An outline is a list of a document’s major and minor sections, presented as headings. Each heading is the title of a section, and each one is assigned a level that shows its priority in the overall scheme of things. The document’s most important sections take the highest heading level (level 1), the next-most important are level 2, and so on, from most important to least important. You can create outlines with as many as nine heading levels.

You can divide any section into subsections, and divide those into subsubsections, right on down the line. Because the title of each section and subsection is formatted with one of Word’s heading styles (Heading 1, Heading 2, and so on), it’s easy to keep track of them all. Figure 1 shows an example of an outline from one of my old term papers about the great American poet, William Carlos Williams.

Figure 1. An outline for a rollicking-good term paper. (This one earned me an “A.”)

In the figure, notice that the outline includes three heading levels; each level is distinguished by its formatting and its indentation. Level 1 headings have the largest font and are not indented. Subordinate headings are progressively smaller and indented farther from the left margin.

Always make sure that your outline’s headings are formatted with styles that Word recognizes as heading styles. When you use heading styles, Word can automatically do a few things for you, such as adding the headings to a table of contents and building a document map. The safest approach is to use Word’s built-in heading styles for this purpose. If you create your own heading styles, be sure to base them on Word’s heading styles.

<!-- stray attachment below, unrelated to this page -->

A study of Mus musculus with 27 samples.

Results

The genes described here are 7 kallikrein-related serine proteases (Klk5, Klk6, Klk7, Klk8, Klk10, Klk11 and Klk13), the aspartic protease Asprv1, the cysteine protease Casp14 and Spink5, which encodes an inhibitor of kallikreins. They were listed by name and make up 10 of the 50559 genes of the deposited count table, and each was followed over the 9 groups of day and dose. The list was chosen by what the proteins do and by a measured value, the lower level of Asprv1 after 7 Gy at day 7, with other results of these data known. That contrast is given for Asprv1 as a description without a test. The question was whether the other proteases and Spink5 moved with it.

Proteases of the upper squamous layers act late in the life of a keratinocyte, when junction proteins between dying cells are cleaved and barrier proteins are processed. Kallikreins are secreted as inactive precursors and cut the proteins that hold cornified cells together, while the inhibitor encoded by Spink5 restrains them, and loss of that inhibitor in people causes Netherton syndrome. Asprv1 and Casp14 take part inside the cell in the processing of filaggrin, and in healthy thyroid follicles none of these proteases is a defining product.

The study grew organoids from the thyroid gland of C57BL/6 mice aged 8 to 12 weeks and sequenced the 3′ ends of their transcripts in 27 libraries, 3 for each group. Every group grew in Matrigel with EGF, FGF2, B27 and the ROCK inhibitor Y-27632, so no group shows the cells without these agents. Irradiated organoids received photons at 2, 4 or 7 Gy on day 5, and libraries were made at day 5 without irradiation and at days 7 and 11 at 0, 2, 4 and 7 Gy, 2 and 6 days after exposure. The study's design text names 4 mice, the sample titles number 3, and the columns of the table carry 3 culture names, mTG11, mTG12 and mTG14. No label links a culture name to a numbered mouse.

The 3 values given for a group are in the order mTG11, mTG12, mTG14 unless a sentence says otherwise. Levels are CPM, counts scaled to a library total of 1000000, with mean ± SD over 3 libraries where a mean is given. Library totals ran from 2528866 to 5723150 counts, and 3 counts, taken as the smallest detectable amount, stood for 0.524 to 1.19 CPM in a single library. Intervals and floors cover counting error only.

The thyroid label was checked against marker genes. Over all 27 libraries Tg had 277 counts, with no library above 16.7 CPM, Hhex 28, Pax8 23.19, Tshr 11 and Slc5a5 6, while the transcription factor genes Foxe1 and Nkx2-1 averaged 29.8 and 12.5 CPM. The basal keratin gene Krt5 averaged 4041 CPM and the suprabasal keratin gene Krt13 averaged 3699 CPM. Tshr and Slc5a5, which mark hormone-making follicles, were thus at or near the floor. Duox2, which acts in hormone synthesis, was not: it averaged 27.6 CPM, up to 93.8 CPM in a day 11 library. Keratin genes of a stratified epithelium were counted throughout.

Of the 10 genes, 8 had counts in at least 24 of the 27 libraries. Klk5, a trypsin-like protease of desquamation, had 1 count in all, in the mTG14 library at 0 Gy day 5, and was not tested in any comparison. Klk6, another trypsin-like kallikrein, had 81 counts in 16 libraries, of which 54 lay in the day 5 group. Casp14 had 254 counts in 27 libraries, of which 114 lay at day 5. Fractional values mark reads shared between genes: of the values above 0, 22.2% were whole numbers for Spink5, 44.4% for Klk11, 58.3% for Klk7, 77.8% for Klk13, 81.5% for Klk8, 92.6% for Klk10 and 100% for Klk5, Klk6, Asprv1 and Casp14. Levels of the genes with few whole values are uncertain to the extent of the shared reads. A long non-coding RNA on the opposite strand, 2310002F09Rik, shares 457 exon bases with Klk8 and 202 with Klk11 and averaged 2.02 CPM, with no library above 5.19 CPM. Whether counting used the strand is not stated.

Working in Outline View

The easiest way to create an outline is by working in Outline view. This special view provides all the tools you need to create and modify an outline.

Switching to Outline View

Here’s how to switch in and out of Outline view:

1.
On the View tab, click Outline. (Alternatively, click the Outline View button near the right end of the status bar.) Word switches to Outline view, as shown in Figure 2, and the Outlining tab appears on the ribbon.

Figure 2. A blank document in Outline view, ready for someone to start building an outline.

2.
To switch from Outline view to another view, do one of the following:

  • On the Outlining tab, click Close Outline View to return to your previous view.

  • Click the View tab; then click the button for your preferred view.

  • On the status bar, click the button for your preferred view.

If the Outlining tab doesn’t appear when you switch to Outline view, you can turn it on. Go to the File tab and click Options. In the Word Options dialog box, click Customize Ribbon. In the Customize the Ribbon list (on the right side of the dialog box), check the Outlining check box, and then click OK. From now on, the Outlining tab will open and close when you switch to and from Outline view.

The Outlining tab provides a few tools that let you control your view of the outline:

  • Show Level: This drop-down list enables you to decide how many heading levels you want to see. For example, if you select Level 2 from the list, Word hides level 3 or lower headings.

  • Show Text Formatting: Select this check box if you want to see how your headings will look in the document. Deselect the check box to display the headings as unformatted (normal) body text.

  • Show First Line Only: When this check box is selected, Word displays the first line of normal text (if there is any) underneath each heading. Uncheck this box to hide the normal text and view only headings.